Could you be entitled to Legal Aid in the future?

In 2012, as a result of pressure to reduce public spending, the government introduced the Legal Aid, Sentencing and Punishment of Offenders Act 2012 (LASPO) which set out new guidelines for Legal Aid and the funding of legal services.

The outcome was to remove individual entitlement to Legal Aid in all private family law matters unless there had been reported instances of domestic violence. Legal Aid now only remains in circumstances such as applications for non-molestation orders (injunction), occupation orders and registering home rights. Legal Aid remains available for mediation associated with family disputes if a means test is satisfied.

For many people this limited their ability to obtain legal representation and unfortunately has meant that some people have had to represent themselves in Court as litigants in person or decide not to make applications to Court. Their access to justice has been affected.

Is Change Likely?

The Bach Commission carried out a two year examination of the Legal Aid provisions and spoke to over 100 individuals and organisations to assess the impact that the current Legal Aid provisions have on access to justice in private family law proceedings and other areas of law.

A report has recently been released, The Right to Justice. It concludes that the current restrictions on qualifying for Legal Aid are not fair for the majority of individuals seeking access to the private family law system.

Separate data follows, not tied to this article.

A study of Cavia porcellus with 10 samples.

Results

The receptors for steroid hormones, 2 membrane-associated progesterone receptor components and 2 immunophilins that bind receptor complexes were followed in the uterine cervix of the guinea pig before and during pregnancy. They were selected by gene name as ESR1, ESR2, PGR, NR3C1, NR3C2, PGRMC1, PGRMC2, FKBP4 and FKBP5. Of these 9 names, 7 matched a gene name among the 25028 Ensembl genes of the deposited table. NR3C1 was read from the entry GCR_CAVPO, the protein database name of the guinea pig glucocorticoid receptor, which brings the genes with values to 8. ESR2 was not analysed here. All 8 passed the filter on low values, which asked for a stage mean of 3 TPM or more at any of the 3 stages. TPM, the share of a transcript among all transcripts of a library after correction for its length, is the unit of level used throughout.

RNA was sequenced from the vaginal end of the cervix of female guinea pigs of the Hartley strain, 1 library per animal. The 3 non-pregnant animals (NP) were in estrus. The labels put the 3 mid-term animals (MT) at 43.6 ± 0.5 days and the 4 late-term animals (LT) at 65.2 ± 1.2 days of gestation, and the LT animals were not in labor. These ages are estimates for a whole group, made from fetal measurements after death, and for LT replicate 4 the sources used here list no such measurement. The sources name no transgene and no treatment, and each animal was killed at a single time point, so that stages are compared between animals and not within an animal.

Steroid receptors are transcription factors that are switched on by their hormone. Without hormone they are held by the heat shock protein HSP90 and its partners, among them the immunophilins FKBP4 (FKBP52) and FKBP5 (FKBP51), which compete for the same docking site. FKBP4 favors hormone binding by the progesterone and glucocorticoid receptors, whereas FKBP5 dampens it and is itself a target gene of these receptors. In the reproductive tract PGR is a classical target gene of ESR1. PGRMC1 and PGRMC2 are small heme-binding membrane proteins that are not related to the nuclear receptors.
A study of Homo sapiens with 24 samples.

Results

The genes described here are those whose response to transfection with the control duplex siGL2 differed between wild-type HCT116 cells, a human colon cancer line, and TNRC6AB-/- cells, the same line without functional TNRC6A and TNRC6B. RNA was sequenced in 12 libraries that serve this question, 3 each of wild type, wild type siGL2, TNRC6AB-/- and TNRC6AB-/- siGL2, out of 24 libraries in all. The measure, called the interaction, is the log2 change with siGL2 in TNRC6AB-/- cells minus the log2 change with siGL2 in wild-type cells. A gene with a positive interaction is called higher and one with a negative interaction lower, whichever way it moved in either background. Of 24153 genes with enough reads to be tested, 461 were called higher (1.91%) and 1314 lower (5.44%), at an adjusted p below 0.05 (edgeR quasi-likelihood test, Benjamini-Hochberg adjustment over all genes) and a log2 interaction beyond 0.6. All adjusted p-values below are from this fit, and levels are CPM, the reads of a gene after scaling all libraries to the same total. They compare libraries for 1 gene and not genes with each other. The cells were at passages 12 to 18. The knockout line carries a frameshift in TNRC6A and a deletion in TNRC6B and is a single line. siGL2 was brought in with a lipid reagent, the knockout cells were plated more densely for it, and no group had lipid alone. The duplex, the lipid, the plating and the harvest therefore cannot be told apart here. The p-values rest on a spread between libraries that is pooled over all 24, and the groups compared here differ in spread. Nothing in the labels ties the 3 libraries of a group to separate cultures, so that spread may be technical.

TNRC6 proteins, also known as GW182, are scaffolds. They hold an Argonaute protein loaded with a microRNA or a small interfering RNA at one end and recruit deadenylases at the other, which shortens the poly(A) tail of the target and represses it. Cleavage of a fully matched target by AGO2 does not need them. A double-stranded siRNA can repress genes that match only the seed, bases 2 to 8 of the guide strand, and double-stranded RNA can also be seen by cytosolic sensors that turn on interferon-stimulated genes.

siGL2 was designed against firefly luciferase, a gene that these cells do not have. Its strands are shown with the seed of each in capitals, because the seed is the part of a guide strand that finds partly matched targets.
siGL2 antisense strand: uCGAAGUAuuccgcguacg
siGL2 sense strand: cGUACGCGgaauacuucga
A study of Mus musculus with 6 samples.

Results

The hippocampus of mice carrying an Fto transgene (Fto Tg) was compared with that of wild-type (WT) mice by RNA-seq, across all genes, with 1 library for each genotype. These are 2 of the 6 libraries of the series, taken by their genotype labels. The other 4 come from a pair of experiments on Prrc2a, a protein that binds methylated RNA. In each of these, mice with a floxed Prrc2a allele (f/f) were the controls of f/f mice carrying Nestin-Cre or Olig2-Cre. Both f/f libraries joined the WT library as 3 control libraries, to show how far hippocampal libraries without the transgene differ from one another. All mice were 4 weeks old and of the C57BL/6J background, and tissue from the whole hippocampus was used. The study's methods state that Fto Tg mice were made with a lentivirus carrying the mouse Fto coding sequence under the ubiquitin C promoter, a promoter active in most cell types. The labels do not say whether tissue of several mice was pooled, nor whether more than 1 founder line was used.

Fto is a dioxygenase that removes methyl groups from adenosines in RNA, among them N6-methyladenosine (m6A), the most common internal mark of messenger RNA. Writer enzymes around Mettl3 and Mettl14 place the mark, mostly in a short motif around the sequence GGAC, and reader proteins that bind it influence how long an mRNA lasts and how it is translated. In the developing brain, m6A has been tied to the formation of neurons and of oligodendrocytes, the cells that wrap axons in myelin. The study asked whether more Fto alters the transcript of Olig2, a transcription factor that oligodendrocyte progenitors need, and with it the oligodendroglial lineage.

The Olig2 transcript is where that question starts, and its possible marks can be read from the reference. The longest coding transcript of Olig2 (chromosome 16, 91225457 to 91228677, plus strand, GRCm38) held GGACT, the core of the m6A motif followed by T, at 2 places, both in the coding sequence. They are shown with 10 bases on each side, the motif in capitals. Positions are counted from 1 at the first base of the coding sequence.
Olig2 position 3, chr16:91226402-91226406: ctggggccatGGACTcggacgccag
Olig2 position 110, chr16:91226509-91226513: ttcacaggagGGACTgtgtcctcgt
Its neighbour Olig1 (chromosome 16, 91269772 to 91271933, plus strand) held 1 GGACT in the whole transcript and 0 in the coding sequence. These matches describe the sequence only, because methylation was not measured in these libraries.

The report recommends the creation of a new Right to Justice Act to change the criteria for receiving Legal Aid and recommends that those who receive a means tested benefit should be eligible for Legal Aid. Those who do not receive means tested benefits should undergo a simple assessment of their gross household income, taking into consideration an allowance based on the number of children in the household.

There are also recommendations to reinstate Legal Aid in sensitive areas of private family law, for example where the primary care of a child is in dispute.

The Right to Justice Report is only a recommendation report; however, its release is encouraging and gives hope to affected individuals that review and reform of the current Legal Aid provisions may be on the horizon.

If you require advice or assistance in relation to family law matters at Jordans Solicitors we have a dedicated family lawyer team who can help. Please dial 01924 387 110 and ask to speak with a member of the family law team or visit our website at and request a callback.